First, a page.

Slim Pickings

I hate the fact that Valentine’s Day falls in the middle of February. For an event centred on giving flowers (and chocolates), why on earth couldn’t it be in any other month; any but February. February is month where the garden is barely ticking over, let alone in flower. It would be so much easier in summer; all I would have to do to fulfil my Valentine’s obligation is to:

  1. Step out of the kitchen doors into the garden
  2. Wave shears in the vague direction of plants
  3. Fill a vase with results
  4. Present to other half
  5. Receive compliments and fawning over beautiful cut flower arrangement

Instead, this is what happens:

  1. Step out of the kitchen doors into the garden
  2. Begin to freeze in the cold weather
  3. Try and find some plants to wave shears at
  4. Try and detach handle of shears, which has become frozen to wet gloves
  5. Generally fail
  6. Retreat indoors
  7. Order a take out as consolation and watch old re-runs of “Gardeners’ World”

What’s been generally agreed between us in the past is a compromise in the form of an IOU to have a vase of flowers from the garden in Summer as a deferred Valentine’s day gift. Going out to eat is optional and if we do, at least the price will be half and we won’t have to book.

Meanwhile, I’ll have to wait for signs of life:

Iris Sibirica in WinterIt’s not ready for cut flowers, yet.

Things are stirring though. Despite it being “deep” winter, there is real heat in the sun. A clear day makes the temperatures rocket in the sunshine and plants in the greenhouses risk baking. Those planted out in full sun are starting to wake up and flashes of colour are beginning to appear:

Red Flash on CamelliaSpot the red.

As part of investing in that IOU, a “pick and mix” lily border was planted. This a very small and short strip of border that used to be filled with carex grass, stumps of dead buddleia and weeds. I cleared it out last summer and left it “fallow”, intending to do something with it at some point. It was after a trip to the supermarket only recently that I was given a bag of mixed lily bulbs and that small strip was the perfect place to plant them. I actually had to go and ask for another bag since ten bulbs didn’t quite fit the space.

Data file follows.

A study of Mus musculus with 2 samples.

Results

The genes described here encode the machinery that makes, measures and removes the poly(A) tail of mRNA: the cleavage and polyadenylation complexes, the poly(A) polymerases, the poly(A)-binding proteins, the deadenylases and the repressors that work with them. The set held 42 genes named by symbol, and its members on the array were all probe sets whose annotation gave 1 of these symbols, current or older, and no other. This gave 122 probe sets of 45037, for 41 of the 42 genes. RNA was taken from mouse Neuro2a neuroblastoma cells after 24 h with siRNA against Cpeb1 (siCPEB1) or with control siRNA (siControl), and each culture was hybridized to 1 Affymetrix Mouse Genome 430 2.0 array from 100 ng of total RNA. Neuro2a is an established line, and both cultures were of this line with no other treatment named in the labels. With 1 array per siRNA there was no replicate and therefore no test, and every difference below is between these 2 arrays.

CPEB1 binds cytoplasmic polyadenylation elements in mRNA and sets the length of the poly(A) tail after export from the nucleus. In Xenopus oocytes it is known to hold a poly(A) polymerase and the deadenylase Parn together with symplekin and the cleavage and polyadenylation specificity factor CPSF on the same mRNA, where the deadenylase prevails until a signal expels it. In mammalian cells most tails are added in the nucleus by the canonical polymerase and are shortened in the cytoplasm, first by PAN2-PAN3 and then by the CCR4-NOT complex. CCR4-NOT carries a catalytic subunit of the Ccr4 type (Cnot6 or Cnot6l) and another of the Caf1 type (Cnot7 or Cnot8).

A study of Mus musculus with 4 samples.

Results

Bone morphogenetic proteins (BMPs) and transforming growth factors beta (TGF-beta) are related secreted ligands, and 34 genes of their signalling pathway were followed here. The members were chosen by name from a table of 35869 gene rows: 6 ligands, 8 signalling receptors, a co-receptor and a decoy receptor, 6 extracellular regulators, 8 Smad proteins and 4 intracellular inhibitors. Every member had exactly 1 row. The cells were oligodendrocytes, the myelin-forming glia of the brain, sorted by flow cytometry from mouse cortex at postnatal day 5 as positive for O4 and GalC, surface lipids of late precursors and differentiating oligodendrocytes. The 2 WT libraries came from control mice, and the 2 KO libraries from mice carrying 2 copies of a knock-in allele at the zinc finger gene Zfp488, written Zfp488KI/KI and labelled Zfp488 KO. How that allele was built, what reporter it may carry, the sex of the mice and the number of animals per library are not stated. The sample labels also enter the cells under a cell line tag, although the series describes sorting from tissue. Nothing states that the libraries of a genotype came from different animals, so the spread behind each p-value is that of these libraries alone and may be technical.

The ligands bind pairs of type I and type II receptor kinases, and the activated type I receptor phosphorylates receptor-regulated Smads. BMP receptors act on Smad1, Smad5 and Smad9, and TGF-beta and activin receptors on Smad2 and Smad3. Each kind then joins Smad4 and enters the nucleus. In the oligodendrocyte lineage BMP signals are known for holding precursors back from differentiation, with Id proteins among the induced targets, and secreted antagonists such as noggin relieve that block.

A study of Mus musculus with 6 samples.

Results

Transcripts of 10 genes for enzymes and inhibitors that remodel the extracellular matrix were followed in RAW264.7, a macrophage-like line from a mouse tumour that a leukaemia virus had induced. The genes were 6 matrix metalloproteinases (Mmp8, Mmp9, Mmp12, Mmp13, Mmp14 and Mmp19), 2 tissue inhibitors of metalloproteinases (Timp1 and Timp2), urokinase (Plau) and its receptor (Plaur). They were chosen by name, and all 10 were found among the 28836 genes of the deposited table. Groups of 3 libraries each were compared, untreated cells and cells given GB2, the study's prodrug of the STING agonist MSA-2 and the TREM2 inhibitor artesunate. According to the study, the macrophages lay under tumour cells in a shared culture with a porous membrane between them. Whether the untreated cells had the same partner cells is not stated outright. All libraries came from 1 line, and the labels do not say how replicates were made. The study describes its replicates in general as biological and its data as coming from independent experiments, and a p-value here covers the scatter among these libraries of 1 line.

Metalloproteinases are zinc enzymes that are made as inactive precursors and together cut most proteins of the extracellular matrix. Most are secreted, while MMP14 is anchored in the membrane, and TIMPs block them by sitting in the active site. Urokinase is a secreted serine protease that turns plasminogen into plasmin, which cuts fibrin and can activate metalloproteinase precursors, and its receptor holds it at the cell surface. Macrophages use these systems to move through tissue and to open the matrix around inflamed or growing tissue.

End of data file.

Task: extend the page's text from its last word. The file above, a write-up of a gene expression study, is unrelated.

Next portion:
Pick and Mix Lily BorderThere are lily bulbs under there, I hope.

Finally, there’s the front border, the one planted with seven new bare-root roses. The grand plan all along was to have roses to pick in the summer and this “David Austin Border” will hopefully supply that. This should be the ultimate vase-filler, should all else fail – at least, it should do in a few years. At the moment, there’s a long way to go to get from planted sticks to fully laden flowering shrubs.

Planted Front BorderI’m perhaps being a little too optimistic with the secateurs.

At the moment I feel as though I’m on tenterhooks; glimpses of Spring are all around, plants are gradually waking up and I’m looking forward to the first full season in the garden. The bare root roses, the lily bulbs and all the other plants in the garden are a promise away from flowering, just like my Valentine IOU.

12 Comments


  1. Dear Sunil, just be thankful there are glimpses of Spring are all around. It was -25 degrees here this morning! No setting out in the garden with secateurs, but only tulips bought at the market. Still the sun is very bight and days are longer so there is hope. I look forward to your pictures of the rose and the lily borders when they flaunt their splendor next summer!